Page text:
Since early July, most hospital companies’ stocks have been rallying in anticipation of relief from uncompensated care costs under proposed health insurance reform bills. On Wednesday, however, profit taking hit the stocks in a small way.
In its conference call with securities analysts, Tenet said the health care reform bills before Congress would relieve it of the cost of uncompensated care of the uninsured and of the cost of charity care. Tenet didn’t say any more about the health insurance reform debate and how the legislation would affect the company.
Some Democrats are pushing for better Medicare reimbursements for most of the hospitals in rural areas, many of which are owned by publicly-owned hospital companies. This could help their bottom lines.
But one has to wonder whether cuts in overall Medicare and Medicaid payments to hospitals would cost them more than the uncompensated care currently costs them. And if Medicare and a public government health plan sharply curtail access to care, what will happen to hospitals’ revenues and profits?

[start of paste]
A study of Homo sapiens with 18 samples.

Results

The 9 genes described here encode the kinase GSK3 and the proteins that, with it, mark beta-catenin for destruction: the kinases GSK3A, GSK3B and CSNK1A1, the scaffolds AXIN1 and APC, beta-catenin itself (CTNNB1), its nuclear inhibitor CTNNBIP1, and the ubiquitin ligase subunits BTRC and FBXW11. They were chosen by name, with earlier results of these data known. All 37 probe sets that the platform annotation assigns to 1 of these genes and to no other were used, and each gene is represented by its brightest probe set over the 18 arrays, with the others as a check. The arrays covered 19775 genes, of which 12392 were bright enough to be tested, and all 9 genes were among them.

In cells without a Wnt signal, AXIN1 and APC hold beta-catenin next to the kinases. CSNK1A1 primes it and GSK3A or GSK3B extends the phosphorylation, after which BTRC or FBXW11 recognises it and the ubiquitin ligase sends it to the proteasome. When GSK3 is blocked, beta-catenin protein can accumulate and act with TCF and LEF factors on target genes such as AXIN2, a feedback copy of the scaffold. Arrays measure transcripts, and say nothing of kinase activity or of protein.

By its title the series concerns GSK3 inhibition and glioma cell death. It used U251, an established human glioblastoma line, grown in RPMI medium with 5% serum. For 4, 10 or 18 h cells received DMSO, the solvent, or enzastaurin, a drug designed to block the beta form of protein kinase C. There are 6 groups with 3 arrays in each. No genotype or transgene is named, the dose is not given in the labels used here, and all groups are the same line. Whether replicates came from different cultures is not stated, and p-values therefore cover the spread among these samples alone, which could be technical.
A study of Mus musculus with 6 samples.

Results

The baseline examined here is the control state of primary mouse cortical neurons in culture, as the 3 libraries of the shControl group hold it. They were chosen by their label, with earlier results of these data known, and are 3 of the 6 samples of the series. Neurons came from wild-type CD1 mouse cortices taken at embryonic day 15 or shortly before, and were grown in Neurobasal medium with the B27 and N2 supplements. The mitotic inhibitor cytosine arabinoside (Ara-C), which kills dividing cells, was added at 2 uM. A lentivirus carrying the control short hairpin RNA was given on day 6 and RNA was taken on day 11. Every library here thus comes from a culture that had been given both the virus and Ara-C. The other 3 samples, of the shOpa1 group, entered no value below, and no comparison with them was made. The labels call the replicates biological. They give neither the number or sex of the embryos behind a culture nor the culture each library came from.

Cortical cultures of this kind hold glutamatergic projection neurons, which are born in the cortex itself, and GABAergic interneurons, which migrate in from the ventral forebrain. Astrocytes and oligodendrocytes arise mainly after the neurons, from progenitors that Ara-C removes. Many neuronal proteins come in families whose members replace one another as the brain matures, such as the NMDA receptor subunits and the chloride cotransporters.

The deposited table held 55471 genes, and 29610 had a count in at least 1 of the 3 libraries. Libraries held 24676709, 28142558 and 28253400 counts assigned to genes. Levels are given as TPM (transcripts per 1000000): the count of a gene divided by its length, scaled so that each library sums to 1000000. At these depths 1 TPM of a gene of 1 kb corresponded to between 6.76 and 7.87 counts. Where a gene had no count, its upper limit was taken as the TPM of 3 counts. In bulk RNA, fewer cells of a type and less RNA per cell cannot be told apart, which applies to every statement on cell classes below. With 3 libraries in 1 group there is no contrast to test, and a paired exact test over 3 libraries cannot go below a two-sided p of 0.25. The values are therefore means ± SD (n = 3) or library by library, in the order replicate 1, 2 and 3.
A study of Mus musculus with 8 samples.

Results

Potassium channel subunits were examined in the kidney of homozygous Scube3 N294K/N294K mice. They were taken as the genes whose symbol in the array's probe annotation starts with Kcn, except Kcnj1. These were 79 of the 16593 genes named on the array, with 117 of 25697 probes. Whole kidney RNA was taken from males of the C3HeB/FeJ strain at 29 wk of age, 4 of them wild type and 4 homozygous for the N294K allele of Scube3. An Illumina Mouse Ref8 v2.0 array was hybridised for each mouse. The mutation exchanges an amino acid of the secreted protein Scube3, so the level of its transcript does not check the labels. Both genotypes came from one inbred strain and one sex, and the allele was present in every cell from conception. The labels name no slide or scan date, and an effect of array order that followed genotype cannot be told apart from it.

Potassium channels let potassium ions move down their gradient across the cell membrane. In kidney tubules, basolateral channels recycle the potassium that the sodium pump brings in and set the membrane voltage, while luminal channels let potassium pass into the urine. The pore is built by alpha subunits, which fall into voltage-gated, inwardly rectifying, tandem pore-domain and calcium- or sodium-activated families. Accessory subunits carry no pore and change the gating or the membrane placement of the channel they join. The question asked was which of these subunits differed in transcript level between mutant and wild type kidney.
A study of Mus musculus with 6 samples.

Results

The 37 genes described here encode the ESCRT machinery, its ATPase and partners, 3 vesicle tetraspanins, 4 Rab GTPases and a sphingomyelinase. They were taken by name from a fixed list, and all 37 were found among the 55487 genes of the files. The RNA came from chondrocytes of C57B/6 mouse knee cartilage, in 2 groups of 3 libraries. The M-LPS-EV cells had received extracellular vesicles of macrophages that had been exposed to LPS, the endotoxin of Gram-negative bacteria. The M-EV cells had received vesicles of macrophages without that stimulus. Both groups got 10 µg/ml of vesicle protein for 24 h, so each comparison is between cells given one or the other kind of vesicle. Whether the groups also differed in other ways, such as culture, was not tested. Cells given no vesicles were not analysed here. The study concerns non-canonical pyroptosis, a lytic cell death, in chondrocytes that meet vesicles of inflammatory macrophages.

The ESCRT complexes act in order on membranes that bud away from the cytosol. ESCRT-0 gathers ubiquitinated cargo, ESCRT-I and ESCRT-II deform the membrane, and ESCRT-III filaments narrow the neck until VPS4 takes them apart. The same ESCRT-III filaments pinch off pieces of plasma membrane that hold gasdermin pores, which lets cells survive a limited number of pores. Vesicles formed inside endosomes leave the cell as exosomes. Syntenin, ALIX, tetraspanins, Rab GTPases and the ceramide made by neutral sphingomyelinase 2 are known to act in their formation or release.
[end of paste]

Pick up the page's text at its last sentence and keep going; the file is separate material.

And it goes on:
Also, we’re still in a recession, and Tenet told analysts that it saw significant declines in business with commercial HMOs. If unemployment continues to rise, as many expect, or if it just stays at 9.5%, more unemployed people will drop their COBRA insurance and become uninsured. This means commercial insurance business will continue to be weak for hospitals.
Thus, while some hospital companies have been cutting costs and improving margins, it’s hard to see how that can continue.
Disclosure: I don’t have positions in these stocks.